Jason Hoffman of Joyent, a San Francisco-based cloud computing company, announced he was leaving the game in September 2013. As one of the pioneers of cloud computing, he’d co-founded the company ten years ago.
But just as cloud computing is going mainstream, with everyone from startups to the Department of Defense ditching hard copies for the cloud, Hoffman has had enough. He’s not quite ready to give up all the reins in an industry and movement that he helped bring to life, however.
Hoffman will continue to serve as one of the company’s advisors — but what’s next on his plate?
“I’m undecided,” Hoffman told WIRED, but that might be a good thing. Burnout happens to everyone. Hoffman’s choices include taking a position at a “large company,” getting involved in another startup, or managing his own startup from scratch all over again.
He’s considering all possibilities. For such a legend, the tech world truly is his oyster.
The list of cloud companies doesn’t extend much beyond Google Drive for many folks, and Joyent has certainly labored under the monopolization of firms like Amazon and Rackspace. When it comes to mindshare, Joyent and companies like it are being pushed to the wayside.
However, just because Hoffman’s company doesn’t have the promotional backing doesn’t mean it’s second class. In fact, the software and services offered at Joyent still surpass that of some of the bigger names — and Hoffman isn’t afraid to speak up about that.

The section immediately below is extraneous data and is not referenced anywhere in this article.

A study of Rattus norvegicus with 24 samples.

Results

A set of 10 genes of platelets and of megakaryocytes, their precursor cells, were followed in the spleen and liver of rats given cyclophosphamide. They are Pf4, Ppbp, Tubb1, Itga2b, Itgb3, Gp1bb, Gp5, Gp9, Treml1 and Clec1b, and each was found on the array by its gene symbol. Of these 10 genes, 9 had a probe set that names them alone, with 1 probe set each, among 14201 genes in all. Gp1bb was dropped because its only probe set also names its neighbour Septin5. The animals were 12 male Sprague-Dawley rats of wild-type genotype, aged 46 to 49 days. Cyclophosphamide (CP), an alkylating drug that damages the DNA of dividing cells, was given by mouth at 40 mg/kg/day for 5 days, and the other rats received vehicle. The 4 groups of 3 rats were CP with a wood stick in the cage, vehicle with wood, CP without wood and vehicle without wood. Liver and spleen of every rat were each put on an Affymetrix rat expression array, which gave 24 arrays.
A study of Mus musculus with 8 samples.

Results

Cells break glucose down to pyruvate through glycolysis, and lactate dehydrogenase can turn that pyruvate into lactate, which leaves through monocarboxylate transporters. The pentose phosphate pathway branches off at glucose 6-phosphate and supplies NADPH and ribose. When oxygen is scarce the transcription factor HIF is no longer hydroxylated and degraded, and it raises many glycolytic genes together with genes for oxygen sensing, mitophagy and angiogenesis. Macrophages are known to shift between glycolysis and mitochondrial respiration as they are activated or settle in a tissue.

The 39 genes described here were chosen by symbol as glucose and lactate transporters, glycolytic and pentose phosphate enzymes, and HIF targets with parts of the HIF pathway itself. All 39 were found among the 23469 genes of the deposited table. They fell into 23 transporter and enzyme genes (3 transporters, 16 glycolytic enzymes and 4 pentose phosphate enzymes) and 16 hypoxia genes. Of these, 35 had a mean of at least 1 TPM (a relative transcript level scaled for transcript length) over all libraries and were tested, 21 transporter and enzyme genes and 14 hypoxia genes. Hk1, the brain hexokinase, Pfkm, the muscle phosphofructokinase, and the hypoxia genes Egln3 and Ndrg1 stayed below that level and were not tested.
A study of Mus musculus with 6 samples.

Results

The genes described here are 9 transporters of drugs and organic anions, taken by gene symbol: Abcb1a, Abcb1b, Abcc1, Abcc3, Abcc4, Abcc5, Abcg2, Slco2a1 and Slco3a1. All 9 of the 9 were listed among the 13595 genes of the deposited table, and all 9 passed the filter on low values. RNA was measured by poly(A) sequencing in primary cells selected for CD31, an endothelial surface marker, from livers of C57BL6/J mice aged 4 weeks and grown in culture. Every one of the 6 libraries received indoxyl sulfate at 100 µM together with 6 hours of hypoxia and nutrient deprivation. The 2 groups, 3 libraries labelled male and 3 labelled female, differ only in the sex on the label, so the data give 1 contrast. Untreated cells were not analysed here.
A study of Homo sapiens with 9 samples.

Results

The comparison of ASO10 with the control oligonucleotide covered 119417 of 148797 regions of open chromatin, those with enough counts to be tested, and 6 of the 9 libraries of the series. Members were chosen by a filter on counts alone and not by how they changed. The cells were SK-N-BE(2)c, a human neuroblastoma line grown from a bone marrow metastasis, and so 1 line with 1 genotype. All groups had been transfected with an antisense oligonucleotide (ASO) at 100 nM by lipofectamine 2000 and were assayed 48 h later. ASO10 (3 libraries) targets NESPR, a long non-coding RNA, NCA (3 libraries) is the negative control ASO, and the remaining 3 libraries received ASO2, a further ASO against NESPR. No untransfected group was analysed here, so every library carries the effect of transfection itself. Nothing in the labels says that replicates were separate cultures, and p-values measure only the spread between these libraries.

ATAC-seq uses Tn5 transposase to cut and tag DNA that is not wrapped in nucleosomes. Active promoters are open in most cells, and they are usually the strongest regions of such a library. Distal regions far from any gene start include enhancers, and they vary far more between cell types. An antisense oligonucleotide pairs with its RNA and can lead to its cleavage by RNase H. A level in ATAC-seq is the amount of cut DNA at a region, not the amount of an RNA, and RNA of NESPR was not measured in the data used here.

“It’s all pretty stunning,” he says about the massive changes over the pass decade. In the beginning, Joyent was a software sold as a service company. It also encompassed TextDrive, which was a complementary web-hosting company.
Simultaneously, Hoffman was a cancer pathologist, which certainly kept his plate full. When his mother was diagnosed with breast cancer, Hoffman switched his priorities to taking care of her. He used his own company’s infrastructure to watch the data involved with her drug usage, depending on the technology he helped build to care for his mother.
Do as I do
Basically, Hoffman was using “big data” and sorting it in “the cloud” long before those buzzwords became, well, buzzwords. It was clear that not only did he believe in what he was doing, he also thought it was the best way to go about it.
When TextDrive and Joyent merged, the result blossomed into a holistic cloud computing business. Well before Amazon cloud storage came into the picture, Joyent was dishing up massive storage and processing service.
There’s seemingly no end to Hoffman’s talents, which include pinpointing tech trends before anybody else and a penchant for securing the best industry talent. He oversaw the luring of Oracle engineers to the team in 2010, with an offer no one could refuse: almost complete freedom to experiment, innovate, and make things better.
Bryan Cantrill took up the offer, and with this Sun prodigy on board, Node.js was ready to launch later that same year.
What can be learned
Hoffman says he looks for technology that’s easy to use, unique, and has no barriers — pretty much what the average consumer is looking for. However, Joyent isn’t the only company with something more to offer apart from the giants. While the firm’s been using SmartOS for years, so have a number of other small groups.
No matter where he goes next, Hoffman has left a legacy at Joyent, and — as a key advisor — the business and others like it is bound to keep moving forward. Innovation doesn’t require the biggest budget or the biggest name. It’s all about the right leadership and allowing the best in the field to do what they do.